After four months on the Russian space station Mir, astronaut Dave Wolf is anxious for some hot times when he returns to Earth, which he hopes will be this afternoon.
Wolf said Friday from the space shuttle Endeavour that he’s eager for hot pepperoni-and-mushroom pizza, hot convenience store coffee, hot news in a newspaper, and oh yes, an extra-long hot shower. And if that’s not enough, it’ll be party time later Saturday in front of a Cocoa Beach motel.
But with no showers - just lots of sponge baths - on Mir, Wolf isn’t quite ready for a party. There’s one thing he’s got to do first.
“I can’t wait to take a nice hot shower and to just take my time doing it,” Wolf said.
Wolf said he missed “very simple things … some pizza and beverages, seeing all my friends.”
Chefs at Kennedy Space Center are readying pizza ovens because the weather forecast looks good for Endeavour’s unusual 5:35 p.m. landing. Most landings are just after sunrise, but the shuttle’s orbit dictated an afternoon landing.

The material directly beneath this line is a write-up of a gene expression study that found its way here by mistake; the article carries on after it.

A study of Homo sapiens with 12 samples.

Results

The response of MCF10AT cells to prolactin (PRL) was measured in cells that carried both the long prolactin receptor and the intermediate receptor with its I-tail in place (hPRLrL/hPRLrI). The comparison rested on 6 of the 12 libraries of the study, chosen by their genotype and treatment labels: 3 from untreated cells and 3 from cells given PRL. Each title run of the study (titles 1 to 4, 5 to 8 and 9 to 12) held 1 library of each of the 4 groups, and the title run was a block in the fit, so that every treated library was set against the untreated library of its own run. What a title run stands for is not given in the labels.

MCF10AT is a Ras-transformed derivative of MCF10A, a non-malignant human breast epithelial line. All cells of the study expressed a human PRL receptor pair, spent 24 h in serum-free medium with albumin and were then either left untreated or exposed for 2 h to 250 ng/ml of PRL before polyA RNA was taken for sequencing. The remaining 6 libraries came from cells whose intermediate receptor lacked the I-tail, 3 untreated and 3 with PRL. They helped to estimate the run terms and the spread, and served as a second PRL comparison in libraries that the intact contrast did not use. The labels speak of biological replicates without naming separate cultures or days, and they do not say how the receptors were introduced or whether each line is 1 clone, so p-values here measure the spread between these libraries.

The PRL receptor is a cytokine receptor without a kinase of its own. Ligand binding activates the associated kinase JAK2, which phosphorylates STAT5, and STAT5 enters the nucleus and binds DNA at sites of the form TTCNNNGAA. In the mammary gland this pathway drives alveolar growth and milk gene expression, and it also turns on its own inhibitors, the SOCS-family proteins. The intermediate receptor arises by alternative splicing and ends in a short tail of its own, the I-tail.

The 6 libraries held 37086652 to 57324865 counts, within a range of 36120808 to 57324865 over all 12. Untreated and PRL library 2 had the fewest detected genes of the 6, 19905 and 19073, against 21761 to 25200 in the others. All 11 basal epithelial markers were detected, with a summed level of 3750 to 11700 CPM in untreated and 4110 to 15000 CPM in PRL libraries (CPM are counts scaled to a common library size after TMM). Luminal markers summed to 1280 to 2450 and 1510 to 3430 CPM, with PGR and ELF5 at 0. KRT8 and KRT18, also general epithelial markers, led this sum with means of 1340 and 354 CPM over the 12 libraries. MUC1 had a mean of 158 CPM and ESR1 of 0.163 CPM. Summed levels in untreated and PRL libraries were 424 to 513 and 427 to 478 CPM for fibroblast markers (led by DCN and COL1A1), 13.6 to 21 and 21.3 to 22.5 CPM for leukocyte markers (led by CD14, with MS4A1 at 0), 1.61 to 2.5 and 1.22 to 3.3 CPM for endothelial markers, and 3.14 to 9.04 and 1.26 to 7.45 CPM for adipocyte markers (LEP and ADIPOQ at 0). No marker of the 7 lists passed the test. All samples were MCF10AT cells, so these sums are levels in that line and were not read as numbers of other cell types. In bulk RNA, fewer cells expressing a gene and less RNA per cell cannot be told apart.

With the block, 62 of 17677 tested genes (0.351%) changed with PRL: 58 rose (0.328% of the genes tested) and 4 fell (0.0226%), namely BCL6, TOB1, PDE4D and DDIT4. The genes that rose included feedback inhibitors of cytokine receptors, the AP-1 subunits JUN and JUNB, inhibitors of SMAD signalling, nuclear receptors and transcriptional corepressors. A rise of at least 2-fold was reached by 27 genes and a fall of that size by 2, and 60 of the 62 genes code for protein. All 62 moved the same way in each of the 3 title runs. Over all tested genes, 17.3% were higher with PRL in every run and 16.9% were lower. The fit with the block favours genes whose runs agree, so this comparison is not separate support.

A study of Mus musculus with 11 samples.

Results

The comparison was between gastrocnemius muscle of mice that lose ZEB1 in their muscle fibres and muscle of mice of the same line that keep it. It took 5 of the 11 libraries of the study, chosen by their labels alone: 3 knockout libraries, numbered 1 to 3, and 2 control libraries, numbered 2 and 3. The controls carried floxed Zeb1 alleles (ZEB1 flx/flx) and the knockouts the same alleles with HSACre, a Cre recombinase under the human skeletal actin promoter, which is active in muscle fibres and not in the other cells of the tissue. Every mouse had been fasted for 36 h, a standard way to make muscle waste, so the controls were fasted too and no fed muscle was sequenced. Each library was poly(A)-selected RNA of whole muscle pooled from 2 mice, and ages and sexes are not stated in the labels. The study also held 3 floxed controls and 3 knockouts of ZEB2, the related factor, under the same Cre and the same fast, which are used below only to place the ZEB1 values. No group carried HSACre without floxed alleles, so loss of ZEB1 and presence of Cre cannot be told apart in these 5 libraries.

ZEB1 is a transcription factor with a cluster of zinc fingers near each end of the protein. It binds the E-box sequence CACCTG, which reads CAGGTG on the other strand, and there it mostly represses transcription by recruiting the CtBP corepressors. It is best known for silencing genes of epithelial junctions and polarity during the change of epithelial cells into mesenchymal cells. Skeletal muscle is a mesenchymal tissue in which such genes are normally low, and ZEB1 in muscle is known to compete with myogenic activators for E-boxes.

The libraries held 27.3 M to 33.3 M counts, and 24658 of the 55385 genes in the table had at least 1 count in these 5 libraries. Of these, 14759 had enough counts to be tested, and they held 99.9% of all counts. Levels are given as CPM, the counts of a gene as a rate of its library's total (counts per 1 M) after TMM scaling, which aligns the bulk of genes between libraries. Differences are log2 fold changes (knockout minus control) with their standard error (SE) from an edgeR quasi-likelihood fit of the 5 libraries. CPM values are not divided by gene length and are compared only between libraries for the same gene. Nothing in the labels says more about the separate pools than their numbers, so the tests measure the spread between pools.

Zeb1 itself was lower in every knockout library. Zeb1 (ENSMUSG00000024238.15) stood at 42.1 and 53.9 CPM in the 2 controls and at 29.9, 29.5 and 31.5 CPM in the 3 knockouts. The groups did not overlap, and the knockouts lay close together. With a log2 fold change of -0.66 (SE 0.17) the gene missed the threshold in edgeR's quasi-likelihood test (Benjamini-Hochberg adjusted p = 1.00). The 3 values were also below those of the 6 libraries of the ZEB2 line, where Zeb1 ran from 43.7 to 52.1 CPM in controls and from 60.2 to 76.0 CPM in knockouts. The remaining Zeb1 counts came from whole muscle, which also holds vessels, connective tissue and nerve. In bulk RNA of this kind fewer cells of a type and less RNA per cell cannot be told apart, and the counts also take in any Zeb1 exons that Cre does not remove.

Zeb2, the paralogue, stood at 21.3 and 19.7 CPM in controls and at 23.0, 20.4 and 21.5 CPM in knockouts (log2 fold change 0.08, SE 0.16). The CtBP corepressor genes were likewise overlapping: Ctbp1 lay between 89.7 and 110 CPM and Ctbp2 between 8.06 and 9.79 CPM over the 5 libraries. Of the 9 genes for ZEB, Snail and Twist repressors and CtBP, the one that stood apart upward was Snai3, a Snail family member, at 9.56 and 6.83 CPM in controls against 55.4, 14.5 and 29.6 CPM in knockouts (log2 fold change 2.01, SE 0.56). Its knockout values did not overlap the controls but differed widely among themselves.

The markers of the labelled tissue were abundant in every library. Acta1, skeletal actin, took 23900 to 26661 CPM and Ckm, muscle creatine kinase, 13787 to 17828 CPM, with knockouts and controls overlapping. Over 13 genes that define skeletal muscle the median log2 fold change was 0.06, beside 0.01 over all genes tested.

Wolf has often repeated the same desires for simple pleasures.
“Every little thing I think of is something I can’t wait to go do,” Wolf said Sunday. “Earth is a wonderful place.”
On Monday, Wolf said: “Pulling in your car to a Stop-and-Go and getting a cup of coffee sounds like just a great deal of fun to me. …”
Wolf added that “the lack of news” while on Mir made him feel “like I was a million miles away. It was kind of an interesting sabbatical from Earth and Earth news.”
But the single Wolf, whose family has come from Indiana to Cocoa Beach to await his arrival, also is ready to celebrate.
“We’re having a beach party the night of landing in front of the … motel,” Wolf said. He said he’s changed his plans to walk off the shuttle because that would ruin scientists’ study of the effects of four months in space on his body.
“I’ve decided to go ahead and come off the ship in a horizontal position and then at the beach party, see what I can do,” Wolf said Friday.
Wolf is a changed person because of life on Mir.
“It’s incredible what this does psychologically to a person to be away from the Earth and then come back,” he said.
Wolf said he’s willing to return to space, for months at a time, if necessary. But not at the moment.
“Physiologically and psychologically, I could have stayed on Mir another year, or two years,” Wolf said. “The problem is there’s a lot to do on Earth.”